The idea of quotas for women often generates intense debate. But what about quotas for men?
Dr Rainbow Murray, Reader in Politics, Queen Mary University, will be discussing that question next
Wednesday 6th February CAG02, 1-2pm
Full abstract below
“Quotas for Men: Should we Reframe Gender Quotas as a Means of Quality Control?”.
Para: Although we often speak of “gender quotas”, these are understood to mean “quotas for women”. Gender imbalances in representation are problematised in terms of the under-representation of women rather than the over-representation of men. This paper contends that greater scrutiny needs to be paid to the over-representation of men, as this can present intrinsic problems that are not adequately considered in the current literature.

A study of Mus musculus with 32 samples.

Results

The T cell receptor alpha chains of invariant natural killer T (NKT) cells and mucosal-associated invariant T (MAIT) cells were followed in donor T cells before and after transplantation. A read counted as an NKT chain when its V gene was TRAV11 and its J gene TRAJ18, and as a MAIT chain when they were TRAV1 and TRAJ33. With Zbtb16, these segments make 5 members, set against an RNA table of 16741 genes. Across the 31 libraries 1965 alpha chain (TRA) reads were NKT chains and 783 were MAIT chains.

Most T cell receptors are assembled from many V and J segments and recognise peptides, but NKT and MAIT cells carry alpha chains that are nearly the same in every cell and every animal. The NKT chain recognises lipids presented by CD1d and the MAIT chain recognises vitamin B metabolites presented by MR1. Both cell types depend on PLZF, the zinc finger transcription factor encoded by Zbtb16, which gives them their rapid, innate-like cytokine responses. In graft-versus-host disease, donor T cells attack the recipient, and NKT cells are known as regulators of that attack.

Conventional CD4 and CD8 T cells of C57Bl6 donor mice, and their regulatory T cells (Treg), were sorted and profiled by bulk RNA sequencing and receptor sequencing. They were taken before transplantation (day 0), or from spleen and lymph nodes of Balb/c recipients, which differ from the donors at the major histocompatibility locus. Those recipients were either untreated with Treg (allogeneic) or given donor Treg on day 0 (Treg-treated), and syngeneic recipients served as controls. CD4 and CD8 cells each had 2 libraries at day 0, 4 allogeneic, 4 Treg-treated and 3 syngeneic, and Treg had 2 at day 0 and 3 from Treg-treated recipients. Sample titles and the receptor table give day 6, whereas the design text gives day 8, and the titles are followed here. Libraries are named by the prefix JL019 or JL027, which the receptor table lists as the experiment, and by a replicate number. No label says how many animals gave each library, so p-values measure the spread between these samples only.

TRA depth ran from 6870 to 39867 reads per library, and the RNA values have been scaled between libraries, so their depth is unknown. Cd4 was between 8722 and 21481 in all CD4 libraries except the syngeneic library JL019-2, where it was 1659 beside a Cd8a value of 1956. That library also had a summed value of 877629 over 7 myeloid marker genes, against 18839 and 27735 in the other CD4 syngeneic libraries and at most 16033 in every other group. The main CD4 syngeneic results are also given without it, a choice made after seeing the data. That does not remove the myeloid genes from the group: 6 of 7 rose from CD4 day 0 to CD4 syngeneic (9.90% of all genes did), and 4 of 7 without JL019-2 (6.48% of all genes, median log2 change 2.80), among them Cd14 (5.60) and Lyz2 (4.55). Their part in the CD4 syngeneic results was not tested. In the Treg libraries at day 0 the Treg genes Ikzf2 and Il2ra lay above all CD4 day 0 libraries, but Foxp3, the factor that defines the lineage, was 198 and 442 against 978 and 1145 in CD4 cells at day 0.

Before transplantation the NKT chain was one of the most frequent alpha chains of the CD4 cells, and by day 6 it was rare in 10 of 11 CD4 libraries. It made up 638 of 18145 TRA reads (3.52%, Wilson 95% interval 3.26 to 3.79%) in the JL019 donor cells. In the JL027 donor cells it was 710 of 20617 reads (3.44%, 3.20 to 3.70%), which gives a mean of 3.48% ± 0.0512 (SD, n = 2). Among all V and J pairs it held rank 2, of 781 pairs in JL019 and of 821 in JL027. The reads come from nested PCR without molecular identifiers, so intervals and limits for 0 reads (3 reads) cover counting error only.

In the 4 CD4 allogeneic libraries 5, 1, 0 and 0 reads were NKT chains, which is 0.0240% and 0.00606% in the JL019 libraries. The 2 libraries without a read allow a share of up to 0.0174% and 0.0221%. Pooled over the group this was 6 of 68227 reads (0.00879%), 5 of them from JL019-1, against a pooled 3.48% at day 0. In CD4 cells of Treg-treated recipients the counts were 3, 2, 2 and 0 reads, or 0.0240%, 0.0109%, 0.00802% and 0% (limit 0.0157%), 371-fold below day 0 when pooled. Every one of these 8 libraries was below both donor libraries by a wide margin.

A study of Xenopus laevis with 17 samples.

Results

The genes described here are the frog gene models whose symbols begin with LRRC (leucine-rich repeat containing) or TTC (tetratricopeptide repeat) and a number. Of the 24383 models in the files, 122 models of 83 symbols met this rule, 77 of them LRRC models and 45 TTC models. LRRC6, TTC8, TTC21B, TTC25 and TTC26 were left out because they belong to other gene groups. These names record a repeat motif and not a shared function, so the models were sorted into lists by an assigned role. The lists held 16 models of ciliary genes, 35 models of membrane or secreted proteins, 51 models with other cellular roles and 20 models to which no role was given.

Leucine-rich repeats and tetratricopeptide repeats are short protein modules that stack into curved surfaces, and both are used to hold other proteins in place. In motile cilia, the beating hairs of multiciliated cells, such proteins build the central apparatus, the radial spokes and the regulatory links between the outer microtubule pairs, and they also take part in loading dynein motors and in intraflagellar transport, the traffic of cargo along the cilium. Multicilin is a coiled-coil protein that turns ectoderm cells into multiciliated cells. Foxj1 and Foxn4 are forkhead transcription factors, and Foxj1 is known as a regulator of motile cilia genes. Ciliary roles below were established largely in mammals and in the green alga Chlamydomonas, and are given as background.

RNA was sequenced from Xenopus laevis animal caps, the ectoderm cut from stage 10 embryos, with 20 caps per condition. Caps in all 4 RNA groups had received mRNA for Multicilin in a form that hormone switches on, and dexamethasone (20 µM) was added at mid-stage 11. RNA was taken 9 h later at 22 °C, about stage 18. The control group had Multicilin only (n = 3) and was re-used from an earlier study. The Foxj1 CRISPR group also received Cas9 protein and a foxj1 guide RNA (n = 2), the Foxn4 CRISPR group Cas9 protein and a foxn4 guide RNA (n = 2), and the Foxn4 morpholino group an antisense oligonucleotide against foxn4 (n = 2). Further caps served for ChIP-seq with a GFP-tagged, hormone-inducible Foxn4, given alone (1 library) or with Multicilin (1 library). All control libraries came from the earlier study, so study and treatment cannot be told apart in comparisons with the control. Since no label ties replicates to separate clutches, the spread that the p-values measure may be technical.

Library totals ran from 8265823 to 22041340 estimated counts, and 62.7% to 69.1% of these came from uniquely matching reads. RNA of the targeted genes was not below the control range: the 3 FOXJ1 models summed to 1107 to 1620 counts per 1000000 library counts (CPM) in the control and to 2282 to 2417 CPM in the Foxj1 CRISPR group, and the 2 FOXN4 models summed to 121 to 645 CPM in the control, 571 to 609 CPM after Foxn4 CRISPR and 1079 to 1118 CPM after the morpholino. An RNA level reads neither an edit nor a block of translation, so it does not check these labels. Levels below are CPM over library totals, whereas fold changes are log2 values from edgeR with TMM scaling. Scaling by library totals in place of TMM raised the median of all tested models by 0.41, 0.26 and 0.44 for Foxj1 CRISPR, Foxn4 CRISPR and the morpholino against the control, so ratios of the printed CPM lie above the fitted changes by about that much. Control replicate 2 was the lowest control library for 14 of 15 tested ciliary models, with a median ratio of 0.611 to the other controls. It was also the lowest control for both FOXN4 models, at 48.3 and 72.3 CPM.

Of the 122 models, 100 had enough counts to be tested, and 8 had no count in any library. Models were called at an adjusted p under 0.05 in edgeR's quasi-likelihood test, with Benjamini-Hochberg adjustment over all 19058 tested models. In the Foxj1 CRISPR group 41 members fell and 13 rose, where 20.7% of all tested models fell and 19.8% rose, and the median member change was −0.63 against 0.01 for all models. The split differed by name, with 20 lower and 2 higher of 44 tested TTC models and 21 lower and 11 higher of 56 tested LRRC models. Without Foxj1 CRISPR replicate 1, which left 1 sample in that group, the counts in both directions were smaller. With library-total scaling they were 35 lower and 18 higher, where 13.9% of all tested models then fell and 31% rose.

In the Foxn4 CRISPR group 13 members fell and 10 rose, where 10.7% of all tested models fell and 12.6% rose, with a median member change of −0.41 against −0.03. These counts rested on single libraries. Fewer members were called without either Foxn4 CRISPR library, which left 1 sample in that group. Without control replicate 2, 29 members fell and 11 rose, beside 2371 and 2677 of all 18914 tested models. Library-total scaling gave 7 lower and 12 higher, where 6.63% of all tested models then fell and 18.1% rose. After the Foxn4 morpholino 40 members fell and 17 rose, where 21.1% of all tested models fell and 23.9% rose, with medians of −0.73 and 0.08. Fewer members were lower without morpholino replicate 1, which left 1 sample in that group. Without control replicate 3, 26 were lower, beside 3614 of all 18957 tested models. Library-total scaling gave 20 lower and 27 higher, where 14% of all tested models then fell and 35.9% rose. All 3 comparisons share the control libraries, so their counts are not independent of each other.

These problems include a reduced quality of representation for all, due to over-recruitment from restricted pools rather than making full use of the whole of society’s talent. A male-dominated political arena may also not be conducive to the full representation of men’s interests. At present, men’s interests remain under-theorised, as it is assumed that they will automatically be met by a predominantly male legislature, but this paper contends that the parliamentary culture fostered by gender imbalance inhibits the full representation of the needs and interests of some men. In order to remedy the situation, I propose a new form of quota that focuses on reducing over-representation, namely by acting as a ceiling on the number of men who can be present in office. The aim of such a quota is to boost the quality of representation by recruiting only the best representatives from the largest possible talent pool. Achieving this goal would require rethinking and updating the criteria for what makes a good representative in order to ensure that recruitment processes become more effective.